David didn't win the choir's solo part, but Citi's brave decision to submit a team of bankers was an interesting exercise in how even a much vilified industry can succeed in shedding their stereotypical image, says William Cash
You can imagine my surprise when I turned on BBC2 the other night to watch The Choir: Sing While You Work, (X Factor meets Songs of Praise) only to see my friend Westminster educated David Poole, head of Citi Private Bank (and previous winner of a Spear's private bank of the year award), auditioning for a place in the financial behemoth's BBC competition choir, alongside cleaners, traders, receptionists and various Citi banking all sorts based at their Canary Wharf glass tower.
David didn't, alas, win the choir's solo part – which went to an American trader – but Citi's brave decision to submit a team of bankers (alongside such competition as the Cheshire Fire Service and P&O Ferries) was an interesting exercise in how even a much vilified industry (Citi received a bailout of $49 billion from the US Government in 2009) can succeed in shedding their stereotypical image as ruthless, selfish Gordon Gekko-esque society villains when they show their human side as a team. Having known David since we were at school together – with Nick Clegg – I know he is as far removed from any sort of Gekko banker as it is possible to imagine. He read English and Theology at university, enjoys his cricket at Lords, and is even a trustee of the National Foundation for Youth Music. Music – more so than painting, architecture or literature – is the most redemptive and emotional of the arts.
I thought it was clever of the bank and the choirmaster Gareth Malone to chose U2's 'One' as Citi's choir song, along with the line 'Will it make it easier on you now, you got someone to blame?'. Whoever said bankers don't have a sense of humour?’ I also liked that David Poole (who was trained at Lazard) managed to somehow, in addition to not looking an idiot while singing a nursery rhyme, get away with casually slipping into the conversation on camera that Citi Private Bank looks after the financial affairs of more billionaires than any other bank in the world.’How Poole managed to get that corporate plug past the the BBC high command says much for his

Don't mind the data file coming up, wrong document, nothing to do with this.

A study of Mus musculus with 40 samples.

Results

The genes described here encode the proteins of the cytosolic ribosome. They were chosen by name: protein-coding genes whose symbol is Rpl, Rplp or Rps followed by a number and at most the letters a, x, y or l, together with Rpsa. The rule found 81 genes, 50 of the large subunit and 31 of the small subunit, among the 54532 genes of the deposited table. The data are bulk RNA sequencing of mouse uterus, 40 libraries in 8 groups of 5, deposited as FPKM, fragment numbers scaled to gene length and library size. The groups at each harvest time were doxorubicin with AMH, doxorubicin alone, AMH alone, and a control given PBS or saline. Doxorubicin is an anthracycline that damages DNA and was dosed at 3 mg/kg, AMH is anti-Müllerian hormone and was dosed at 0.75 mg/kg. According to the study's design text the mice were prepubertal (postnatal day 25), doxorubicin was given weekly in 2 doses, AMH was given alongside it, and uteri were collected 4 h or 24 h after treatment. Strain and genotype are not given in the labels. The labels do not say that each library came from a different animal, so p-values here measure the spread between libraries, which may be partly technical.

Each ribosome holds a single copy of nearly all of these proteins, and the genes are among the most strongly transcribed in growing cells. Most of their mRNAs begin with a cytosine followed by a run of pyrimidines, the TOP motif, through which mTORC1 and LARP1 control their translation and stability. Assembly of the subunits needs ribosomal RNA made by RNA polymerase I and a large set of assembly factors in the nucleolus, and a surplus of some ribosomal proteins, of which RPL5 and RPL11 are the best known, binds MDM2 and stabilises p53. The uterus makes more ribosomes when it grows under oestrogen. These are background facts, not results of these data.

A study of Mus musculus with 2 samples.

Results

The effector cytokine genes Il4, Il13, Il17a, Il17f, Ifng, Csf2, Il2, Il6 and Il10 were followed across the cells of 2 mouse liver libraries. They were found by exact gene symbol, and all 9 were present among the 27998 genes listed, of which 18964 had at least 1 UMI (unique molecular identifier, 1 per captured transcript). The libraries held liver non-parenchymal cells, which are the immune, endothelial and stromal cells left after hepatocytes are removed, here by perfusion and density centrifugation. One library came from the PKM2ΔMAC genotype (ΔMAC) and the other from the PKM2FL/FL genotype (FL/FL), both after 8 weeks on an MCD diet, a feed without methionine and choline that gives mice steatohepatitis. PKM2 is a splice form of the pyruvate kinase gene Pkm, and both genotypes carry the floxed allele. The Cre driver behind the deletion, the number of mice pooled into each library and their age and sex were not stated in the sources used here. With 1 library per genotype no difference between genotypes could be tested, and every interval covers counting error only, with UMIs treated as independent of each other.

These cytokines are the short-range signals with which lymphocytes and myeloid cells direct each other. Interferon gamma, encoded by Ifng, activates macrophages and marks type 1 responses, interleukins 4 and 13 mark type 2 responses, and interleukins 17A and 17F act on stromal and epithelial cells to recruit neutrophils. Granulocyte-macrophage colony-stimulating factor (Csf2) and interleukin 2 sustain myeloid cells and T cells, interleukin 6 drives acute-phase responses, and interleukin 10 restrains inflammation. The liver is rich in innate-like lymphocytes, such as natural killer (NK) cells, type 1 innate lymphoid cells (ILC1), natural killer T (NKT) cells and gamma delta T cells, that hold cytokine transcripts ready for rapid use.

If Citi wins the corporate choir of the year award, just imagine the potential for other sectors of the financial industry whose corporate leaders and entrepreneurial stars can suddenly turn back the years to enter a reality talent show and lead corporate teams that can do wonders for their image and PR.
You could have the Spear's double winner Daniel Pinto, head of Stanhope Capital, or Jonathan Ruffer of Ruffer, both avid art collectors, entering for SKY artist of the year talent show.’Or David Yarrow (pictured above), the veteran hedgie turned star wildlife photographer (whom I will be profiling in the next issue of Spear's) winning a Jerwood Prize for his brilliant and much acclaimed – not to mention brave, dangerous and royal approved ’- photography.’
Pictured above: David Poole at Spear's Wealth Management Awards
You could have Anna Coutts Donald (former British eventing team, ex-KPMG and now the highly regarded UK head of top off-shore tax advisory firm Alter Domus) entering ’for an equestrian reality talent team show-jumping programme, or even entering for next week's International Horse Show at Olympia. As the crowd erupts when she clears the final round in front of a national TV audience, just think’what wonders that that would do for the image of accountants and off-shore tax advisors.’
When you consider the millions that banks and financial firms spend each year on PR – with ’25-50K monthly retainers being the norm for such well connected firms as RLM Finsbury, Freud or Bell Pottinger – it's refreshing to see how spending nothing but rather singing alongside the office cleaner and security staff – in front of a national TV audience – can prove hugely more effective than any amount of over-priced Svengali PR advice.